My rating: 4 of 5 stars
It's not often that I find modern, Korean stories in English, so I quickly add them to my to-read pile. This is one of those books. When I told my own mother about it, as it turned out, she had already read it, in Korean. "That's the one where...[the end]." Thanks, Mom. Now, let's get on to Chi-hon looking for her mother.
What do you do when a family member goes missing? What happens when it's not a child, but your mother, a grown woman? How do you get the word out, what is the appropriate amount for a reward, where do you start looking? And how long do you keep looking?
These are the immediate questions Chi-hon and her family face when Mom gets lost in the Seoul subway station. The family argues about the answers and continues to fuss, disagreeing with the best and most respectful way to look for their mother. As they search, they realize how little they really knew about their mother, and how little they ever thought about her in anyway other than as "mother."
As Chi-hon, her siblings, and her father share the pieces of their mother and wife that they knew, it made me think of my own mother and myself as a mother. Have I ever thought about what my mother wanted to do with her life, assuming that being my mother was not her whole life dream? Do my children ever think of me as a person, outside of being the woman who cooks, signs permission slips, and drives them places?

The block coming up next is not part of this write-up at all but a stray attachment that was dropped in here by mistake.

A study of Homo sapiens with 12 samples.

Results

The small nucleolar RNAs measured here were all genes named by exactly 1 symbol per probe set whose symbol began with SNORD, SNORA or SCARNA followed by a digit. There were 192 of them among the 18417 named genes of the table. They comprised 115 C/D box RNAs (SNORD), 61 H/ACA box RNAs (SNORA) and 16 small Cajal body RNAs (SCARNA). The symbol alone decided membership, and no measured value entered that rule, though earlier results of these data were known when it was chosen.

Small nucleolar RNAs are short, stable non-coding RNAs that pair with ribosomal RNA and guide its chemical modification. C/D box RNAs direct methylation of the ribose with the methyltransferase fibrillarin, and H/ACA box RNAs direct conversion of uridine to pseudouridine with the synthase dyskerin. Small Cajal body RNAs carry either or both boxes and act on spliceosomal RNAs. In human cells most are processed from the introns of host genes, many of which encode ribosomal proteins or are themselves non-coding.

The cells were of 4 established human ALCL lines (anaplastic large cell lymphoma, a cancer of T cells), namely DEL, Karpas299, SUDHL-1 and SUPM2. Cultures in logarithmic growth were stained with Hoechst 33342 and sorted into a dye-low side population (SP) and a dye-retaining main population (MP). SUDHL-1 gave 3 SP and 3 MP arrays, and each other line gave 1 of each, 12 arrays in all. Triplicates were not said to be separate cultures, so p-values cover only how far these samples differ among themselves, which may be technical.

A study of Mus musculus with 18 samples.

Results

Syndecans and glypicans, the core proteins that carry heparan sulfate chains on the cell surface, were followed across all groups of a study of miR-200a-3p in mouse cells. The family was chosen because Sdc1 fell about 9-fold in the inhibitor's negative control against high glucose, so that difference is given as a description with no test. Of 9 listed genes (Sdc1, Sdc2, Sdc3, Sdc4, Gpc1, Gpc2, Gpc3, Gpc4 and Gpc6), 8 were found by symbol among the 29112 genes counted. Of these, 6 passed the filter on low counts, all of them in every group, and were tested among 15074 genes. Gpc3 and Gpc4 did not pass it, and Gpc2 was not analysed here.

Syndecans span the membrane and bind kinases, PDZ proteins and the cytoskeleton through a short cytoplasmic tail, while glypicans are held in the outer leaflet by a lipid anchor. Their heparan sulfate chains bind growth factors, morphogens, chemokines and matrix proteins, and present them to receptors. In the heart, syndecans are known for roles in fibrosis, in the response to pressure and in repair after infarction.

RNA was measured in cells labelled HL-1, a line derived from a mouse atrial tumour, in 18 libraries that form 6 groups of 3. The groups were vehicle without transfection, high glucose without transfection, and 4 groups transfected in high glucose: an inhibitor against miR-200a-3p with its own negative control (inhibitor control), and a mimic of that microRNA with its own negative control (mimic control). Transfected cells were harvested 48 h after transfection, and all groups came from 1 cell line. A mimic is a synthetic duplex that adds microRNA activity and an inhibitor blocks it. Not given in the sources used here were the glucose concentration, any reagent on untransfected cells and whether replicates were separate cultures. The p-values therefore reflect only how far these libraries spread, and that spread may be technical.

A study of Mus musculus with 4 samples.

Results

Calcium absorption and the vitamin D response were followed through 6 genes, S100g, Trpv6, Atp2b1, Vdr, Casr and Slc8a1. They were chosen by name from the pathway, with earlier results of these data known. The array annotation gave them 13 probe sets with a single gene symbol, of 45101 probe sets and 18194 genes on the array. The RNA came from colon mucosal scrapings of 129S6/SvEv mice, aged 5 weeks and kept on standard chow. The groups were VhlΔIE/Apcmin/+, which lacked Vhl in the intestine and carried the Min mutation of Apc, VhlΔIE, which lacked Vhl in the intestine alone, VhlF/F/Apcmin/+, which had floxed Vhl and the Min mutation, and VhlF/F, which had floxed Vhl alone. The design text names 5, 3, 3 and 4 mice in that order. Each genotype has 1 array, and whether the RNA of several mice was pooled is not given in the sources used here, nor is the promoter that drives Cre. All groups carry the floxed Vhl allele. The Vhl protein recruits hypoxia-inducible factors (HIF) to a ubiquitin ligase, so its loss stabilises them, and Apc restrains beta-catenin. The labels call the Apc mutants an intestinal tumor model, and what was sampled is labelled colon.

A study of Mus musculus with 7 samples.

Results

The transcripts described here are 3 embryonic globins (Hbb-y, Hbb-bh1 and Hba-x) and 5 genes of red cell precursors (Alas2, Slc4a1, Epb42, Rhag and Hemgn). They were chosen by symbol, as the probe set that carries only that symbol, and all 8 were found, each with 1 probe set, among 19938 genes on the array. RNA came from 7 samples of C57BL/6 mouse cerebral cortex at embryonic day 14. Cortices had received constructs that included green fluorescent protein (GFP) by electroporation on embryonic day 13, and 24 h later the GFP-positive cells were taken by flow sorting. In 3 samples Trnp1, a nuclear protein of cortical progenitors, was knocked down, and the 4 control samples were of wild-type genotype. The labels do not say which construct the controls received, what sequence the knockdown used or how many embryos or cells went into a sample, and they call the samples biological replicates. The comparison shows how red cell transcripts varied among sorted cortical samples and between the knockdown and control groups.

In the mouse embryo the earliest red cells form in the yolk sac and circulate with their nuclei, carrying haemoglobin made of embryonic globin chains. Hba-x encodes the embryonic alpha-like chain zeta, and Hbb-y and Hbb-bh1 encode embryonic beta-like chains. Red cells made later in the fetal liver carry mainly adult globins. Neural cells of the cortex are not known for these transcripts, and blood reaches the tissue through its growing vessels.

Kyung-sook Shin blended Korean customs and ways of thought into the story as she revealed who Mom was through her family's memories and their search for her. By the end, we are left with an idea of where she has gone and are hopeful that the family will figure it out, too.
The story is told, for the most part, in second-person ("you look around"), which is a very rarely used and difficult point-of-view. It took a few chapters to get used to having the narrator speak directly to me, but it also was successful in eventually drawing me further in, as if I needed to be part of the search party. When Shin switches POV it was a clear signal that I really needed to pay attention now. She used the technique well, but it sometimes gets confusing and does take a minute to get used to.
This is the first of her novels that I have read, but apparently she was twelve previous ones. I intend to look for them - and hope that they are available as English translations.